And no matter how much Echo might want for things to be different, there are some things she just can't change. They don't know what it's like to live under the shadow of a sister like Zoë. They don't know what it is to live with a vacant mom and an absentee dad and to have the whole town point and whisper whenever she goes by. They'll never know the pain of hearing the exact same people who left angels and cards for her sister's memorial, gossiping behind her back, slandering her character and acting like she somehow deserved it.
But she does know what it's like to live like that. And that's why she'll never be able to blend.
So she needs to find a place where she doesn't always feel so strange and obtrusive. She needs to be with someone who's a lot more like her.
She's the only one in her school, the only one in that whole entire town—outside of the cops and her parents—who knows all of the
facts and details about her sister's death. And sometimes she wishes she didn't, but she does, and there's nothing she can do about it. She's also well aware of what all these small-minded idiots are saying, and how ninety-nine percent of it's lies.
But the worst part is knowing that half the people responsible for those lies used
to be Zoë's friends.
She knows that may sound awful, the truth is that no matter how sorry everyone may have been, there wasn't a single person on the planet who could ever understand how she felt about Zoë. How much she missed her.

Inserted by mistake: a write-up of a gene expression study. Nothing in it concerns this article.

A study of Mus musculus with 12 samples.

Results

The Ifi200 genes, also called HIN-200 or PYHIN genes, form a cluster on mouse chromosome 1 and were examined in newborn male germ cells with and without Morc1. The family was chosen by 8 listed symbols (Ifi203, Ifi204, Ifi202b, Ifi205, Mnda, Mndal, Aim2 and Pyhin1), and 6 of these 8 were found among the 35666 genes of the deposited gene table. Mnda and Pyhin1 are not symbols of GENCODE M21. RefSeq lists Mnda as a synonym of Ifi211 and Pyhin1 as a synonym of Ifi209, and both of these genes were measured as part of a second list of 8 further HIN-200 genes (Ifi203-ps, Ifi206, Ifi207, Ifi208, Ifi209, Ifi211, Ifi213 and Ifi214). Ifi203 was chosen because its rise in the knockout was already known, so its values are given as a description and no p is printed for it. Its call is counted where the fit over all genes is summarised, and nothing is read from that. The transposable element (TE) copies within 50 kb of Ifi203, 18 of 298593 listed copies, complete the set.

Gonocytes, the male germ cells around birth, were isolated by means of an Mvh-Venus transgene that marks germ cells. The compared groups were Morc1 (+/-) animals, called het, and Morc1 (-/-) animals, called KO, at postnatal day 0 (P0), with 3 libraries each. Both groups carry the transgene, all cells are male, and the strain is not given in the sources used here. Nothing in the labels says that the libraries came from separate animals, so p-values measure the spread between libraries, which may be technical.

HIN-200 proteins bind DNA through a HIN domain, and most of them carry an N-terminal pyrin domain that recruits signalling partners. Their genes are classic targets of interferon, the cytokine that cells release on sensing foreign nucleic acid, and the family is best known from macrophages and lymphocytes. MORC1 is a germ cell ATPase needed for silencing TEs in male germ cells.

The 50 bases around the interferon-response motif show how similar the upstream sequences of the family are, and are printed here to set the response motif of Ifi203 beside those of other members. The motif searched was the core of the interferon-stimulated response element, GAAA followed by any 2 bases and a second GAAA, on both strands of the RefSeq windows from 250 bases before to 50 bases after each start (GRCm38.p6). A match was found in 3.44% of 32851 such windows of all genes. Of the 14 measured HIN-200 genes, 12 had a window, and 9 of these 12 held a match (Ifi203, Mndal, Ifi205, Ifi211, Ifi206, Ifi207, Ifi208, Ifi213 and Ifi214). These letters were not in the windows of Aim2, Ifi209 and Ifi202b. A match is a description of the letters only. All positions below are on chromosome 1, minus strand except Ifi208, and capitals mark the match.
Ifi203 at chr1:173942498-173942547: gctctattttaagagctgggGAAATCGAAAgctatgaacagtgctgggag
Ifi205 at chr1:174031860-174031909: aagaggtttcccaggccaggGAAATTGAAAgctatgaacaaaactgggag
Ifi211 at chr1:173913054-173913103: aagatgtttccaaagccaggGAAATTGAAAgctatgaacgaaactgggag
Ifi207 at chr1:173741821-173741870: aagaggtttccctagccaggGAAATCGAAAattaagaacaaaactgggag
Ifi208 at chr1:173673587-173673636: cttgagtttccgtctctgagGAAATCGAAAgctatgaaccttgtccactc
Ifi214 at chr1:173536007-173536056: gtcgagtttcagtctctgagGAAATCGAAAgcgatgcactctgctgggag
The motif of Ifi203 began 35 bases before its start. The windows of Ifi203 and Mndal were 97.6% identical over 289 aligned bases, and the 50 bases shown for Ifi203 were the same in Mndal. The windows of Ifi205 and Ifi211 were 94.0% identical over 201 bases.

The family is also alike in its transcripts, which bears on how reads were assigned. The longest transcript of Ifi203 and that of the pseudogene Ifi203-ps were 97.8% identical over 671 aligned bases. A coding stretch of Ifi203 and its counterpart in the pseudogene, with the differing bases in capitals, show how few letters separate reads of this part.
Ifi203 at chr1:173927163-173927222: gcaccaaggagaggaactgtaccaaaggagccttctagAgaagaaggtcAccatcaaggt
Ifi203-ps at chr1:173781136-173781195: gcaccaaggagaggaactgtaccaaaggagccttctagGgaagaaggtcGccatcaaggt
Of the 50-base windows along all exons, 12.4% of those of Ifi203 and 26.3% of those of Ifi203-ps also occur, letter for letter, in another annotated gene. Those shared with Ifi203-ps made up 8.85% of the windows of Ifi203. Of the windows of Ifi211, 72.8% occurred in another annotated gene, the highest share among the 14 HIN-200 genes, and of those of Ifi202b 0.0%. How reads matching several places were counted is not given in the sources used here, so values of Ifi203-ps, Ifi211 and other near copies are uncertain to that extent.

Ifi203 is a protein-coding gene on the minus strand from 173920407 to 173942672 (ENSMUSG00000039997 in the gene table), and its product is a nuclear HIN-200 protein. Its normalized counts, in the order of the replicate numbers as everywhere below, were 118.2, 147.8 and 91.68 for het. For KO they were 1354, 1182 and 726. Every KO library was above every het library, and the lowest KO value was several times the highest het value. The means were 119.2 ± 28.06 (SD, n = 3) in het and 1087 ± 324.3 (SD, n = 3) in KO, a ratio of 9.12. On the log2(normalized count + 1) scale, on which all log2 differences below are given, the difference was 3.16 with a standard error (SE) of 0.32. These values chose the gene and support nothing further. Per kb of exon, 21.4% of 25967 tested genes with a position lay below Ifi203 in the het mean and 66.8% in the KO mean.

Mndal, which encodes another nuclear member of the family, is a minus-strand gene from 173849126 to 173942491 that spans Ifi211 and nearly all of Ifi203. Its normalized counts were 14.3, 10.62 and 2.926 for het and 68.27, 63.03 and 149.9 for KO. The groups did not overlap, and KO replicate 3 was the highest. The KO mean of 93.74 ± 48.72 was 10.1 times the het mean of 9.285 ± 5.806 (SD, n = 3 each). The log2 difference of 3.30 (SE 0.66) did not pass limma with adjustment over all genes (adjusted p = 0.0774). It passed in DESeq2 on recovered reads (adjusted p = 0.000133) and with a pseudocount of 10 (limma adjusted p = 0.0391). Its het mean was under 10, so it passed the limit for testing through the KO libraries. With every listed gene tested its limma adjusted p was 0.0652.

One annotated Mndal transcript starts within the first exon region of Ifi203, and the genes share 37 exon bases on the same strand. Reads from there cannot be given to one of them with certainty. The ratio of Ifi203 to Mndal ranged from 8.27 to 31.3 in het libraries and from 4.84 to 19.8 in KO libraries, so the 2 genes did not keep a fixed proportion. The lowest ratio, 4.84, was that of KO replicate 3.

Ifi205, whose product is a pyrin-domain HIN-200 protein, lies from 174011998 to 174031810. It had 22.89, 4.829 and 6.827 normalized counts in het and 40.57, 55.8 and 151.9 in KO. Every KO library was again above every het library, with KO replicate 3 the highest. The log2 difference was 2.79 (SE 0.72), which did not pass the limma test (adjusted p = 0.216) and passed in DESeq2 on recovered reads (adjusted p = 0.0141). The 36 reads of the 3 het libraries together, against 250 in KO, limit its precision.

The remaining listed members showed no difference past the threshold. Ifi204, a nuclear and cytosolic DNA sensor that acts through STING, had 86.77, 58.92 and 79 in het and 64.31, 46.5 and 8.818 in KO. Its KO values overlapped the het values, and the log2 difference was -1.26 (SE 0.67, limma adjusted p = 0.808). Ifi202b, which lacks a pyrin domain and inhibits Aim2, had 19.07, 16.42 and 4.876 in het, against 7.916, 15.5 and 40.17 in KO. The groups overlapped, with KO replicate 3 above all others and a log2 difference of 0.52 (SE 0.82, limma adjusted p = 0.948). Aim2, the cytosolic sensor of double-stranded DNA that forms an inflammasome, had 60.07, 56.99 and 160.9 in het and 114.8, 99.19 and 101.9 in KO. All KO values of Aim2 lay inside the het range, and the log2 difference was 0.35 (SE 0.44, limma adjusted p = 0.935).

And the huge gaping hole she'd left in her heart.
Zoë was just trying to protect Echo, in the way that she failed to protect herself. She was always telling her to lookout, to not be so trusting, to run away if her instincts suggested it, to act in a way that she didn't.
Echo is wondering if there might be another way to save Zoë and she also thinks she finally gets how her trying to be like Zoë—and Marc, Zoë's boy friend and she trying to be together—was just one more failed attempt to save her. And the truth is, Zoë is dead.
Reading Zoë's diary, after her death, has left Echo on shaky emotional ground, and she feels like she's living on a fault line, where her
moods rise and fall with every slight shift, while the world she'd once known quakes precariously around her.
What happened to Zoë isn't her fault. The only thing she's guilty of is having a dream. And Echo thinks they owe it to her to believe that.